Protect Your Wealth


Managing Risk

In finance, just as in life, you can’t avoid risk completely, but you can try to manage it, make it work in your favor and protect your wealth. 

  • Market Risk is the chance the value of an investment will go down, not up, causing you to lose money.
  • Inflation Risk is the possibility that you may not earn enough on your investments to keep up with inflation.
  • Return Risk is the chance your investments won’t grow enough to get you to your long- term goals, such as retirement.

Preparing For A Down Market In Retirement

As you save for retirement, you know you’re going to have to ride out a few down markets. That risk is the trade-off for getting potentially higher returns. But once you retire, those same market declines could possibly jeopardize the amount of money you have to live on.

What if you had retired in 1997?

Hypothetically, let’s say you were 65 in 1997 and retired with $1 million in an IRA. The chart below shows what would have happened to your money as you took out $75,000 per year to live on, based on the actual performance of the S&P 500 Index from January 1997 – December 2017. Over the last 20 years, the average return on the Index was positive, but it also had several years of negative returns. Notice how quickly the account shrinks in the years with a negative return.

Plan for the Unexpected

If you can avoid taking money out of your savings in the year following a market decline of more than 5%, you may get a different result. Using this approach, the hypothetical account is still worth over $900,000 at age 85, even after withdrawing over $1.3 million, and with significant declines in the index at ages 68, 69, 70 and 76.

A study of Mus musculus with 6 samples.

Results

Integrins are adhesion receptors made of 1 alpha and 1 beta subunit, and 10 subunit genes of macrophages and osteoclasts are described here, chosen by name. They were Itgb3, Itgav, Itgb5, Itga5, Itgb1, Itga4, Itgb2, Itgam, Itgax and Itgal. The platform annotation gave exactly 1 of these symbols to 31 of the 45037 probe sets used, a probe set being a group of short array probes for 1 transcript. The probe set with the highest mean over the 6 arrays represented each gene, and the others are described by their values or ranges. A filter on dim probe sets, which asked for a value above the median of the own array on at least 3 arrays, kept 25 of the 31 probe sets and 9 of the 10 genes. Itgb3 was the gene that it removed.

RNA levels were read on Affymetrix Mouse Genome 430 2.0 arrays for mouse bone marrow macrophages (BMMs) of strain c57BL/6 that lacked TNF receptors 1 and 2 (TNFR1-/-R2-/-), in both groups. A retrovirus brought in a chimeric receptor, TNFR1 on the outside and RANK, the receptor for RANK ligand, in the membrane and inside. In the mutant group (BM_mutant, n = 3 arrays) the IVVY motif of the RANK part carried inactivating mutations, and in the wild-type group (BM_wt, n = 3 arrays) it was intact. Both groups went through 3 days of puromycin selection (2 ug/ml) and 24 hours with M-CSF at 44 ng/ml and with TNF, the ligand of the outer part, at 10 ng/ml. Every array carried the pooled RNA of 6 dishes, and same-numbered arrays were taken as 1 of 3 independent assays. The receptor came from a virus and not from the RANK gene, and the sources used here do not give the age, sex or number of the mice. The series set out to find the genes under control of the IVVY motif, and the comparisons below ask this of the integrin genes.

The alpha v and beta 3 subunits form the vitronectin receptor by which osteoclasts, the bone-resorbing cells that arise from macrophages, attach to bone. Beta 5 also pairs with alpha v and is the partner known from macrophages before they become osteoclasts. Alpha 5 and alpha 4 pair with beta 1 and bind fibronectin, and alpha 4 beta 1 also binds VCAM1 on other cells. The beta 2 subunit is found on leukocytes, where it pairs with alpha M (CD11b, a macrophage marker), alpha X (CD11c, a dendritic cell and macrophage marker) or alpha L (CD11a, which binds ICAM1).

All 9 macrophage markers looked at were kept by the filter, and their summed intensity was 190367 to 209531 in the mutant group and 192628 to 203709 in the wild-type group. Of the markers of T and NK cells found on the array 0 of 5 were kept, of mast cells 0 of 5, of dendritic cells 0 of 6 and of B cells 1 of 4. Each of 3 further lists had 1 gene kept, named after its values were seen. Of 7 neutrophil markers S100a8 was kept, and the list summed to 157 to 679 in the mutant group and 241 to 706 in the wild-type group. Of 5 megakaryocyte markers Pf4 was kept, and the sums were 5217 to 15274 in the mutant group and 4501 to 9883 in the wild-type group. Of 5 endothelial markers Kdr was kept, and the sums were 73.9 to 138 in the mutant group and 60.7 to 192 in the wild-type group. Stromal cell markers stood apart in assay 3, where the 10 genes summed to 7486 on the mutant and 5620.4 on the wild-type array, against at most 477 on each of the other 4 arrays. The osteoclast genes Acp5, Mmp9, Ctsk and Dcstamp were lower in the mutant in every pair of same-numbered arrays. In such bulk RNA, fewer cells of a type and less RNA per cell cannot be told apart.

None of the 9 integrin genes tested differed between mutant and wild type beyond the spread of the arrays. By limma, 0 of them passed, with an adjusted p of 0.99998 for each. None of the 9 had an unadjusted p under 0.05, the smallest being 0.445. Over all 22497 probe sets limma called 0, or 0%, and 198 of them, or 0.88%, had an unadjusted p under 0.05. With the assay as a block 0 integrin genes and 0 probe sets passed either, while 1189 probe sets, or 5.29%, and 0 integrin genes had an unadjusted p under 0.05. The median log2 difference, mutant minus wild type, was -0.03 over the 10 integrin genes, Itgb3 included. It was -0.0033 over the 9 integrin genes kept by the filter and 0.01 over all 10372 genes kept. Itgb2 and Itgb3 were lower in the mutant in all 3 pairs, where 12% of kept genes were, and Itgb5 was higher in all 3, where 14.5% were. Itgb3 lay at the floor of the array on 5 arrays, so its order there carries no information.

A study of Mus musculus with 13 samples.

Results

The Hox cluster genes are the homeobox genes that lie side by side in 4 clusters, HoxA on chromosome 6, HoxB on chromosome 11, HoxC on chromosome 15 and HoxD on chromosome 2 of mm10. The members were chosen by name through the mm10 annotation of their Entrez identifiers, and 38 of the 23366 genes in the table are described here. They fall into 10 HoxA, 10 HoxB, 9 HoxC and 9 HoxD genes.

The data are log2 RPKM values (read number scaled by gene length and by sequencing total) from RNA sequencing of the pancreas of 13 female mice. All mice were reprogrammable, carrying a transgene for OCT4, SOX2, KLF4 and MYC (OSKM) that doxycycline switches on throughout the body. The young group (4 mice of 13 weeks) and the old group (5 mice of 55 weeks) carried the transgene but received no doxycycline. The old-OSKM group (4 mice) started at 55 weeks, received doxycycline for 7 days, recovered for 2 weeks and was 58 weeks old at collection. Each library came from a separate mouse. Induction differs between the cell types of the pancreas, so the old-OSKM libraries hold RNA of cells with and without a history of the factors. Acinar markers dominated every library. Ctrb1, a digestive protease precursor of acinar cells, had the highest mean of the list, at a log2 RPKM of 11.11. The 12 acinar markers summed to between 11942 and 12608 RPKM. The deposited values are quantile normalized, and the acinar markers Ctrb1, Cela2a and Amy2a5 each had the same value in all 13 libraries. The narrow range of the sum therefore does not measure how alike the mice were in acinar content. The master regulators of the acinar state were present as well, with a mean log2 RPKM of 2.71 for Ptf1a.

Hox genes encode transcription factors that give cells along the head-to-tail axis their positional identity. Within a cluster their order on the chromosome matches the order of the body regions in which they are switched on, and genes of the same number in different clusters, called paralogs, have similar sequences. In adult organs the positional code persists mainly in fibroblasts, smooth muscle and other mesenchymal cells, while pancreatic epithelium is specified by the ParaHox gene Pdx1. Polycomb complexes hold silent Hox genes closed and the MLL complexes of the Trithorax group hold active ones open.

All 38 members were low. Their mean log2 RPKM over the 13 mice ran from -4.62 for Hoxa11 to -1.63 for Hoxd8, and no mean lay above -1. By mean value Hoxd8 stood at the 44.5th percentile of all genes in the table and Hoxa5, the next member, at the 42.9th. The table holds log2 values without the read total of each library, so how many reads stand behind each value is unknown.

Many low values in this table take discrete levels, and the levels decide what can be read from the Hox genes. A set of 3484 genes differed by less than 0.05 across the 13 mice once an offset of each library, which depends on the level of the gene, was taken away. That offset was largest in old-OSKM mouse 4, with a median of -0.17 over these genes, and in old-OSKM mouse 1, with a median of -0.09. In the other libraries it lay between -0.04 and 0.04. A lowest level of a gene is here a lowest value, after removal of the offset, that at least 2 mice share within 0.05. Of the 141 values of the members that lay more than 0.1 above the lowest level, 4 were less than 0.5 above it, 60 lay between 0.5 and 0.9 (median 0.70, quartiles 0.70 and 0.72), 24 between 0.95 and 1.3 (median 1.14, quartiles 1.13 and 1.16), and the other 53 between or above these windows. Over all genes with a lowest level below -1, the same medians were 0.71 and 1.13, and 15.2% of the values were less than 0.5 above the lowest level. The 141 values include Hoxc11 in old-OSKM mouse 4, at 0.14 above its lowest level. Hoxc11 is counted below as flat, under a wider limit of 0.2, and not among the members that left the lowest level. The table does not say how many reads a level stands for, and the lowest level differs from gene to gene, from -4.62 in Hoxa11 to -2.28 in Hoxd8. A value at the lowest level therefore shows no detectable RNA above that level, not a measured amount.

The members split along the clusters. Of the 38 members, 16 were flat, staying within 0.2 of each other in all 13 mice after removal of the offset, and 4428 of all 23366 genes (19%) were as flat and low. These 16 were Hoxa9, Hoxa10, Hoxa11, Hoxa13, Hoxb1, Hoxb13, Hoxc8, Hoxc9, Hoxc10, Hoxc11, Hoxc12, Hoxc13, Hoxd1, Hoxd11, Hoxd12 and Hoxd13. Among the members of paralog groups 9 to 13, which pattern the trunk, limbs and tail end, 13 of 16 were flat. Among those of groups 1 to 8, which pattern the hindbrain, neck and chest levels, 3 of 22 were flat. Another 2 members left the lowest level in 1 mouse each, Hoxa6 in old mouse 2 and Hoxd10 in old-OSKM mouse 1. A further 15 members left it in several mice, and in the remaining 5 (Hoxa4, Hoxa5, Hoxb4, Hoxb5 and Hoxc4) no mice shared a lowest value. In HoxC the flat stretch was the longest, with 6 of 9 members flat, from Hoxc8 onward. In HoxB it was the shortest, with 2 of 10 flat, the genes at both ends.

Considering the average 65-year-old lives until about age 85, it makes sense to plan for at least a 20-year retirement. What if you live longer than that? This scenario doesn’t leave much room for the unexpected, such as living longer than average, an emergency or a medical need that requires you to take out more money than planned.

Where can you get money to live on if you don’t take it out of your retirement account? Cash-value life insurance is one option. Not only does it provide money for your loved ones when you pass away, it may also provide an alternate source of funds if you experience a market decline in retirement. You can take out what you paid into the policy and then take policy loans from the cash value to provide money when you need it, without tax consequences. The sooner you purchase cash value life insurance, the more likely you’ll be able to have the policy completely paid for by the time you retire, and the more time you’ll have for the cash value of your policy to grow.

Protect What's Important

Making sure my children are taken care of if anything ever happens to me.
Helping my business survive if I’m no longer able to be involved.
Adding to my retirement savings so I don’t become a burden.
Giving my children more opportunities than I had.
Continuing my parent’s legacy for my own children.
Creating my own legacy.

Life Insurance Costs Less Than You Think

Maybe you’re like 80% of Americans who overestimate the cost of life insurance.* Life insurance, especially term life insurance, is not as expensive as you might think. A healthy 30-year-old could get $250,000 of coverage for less than a dollar a day.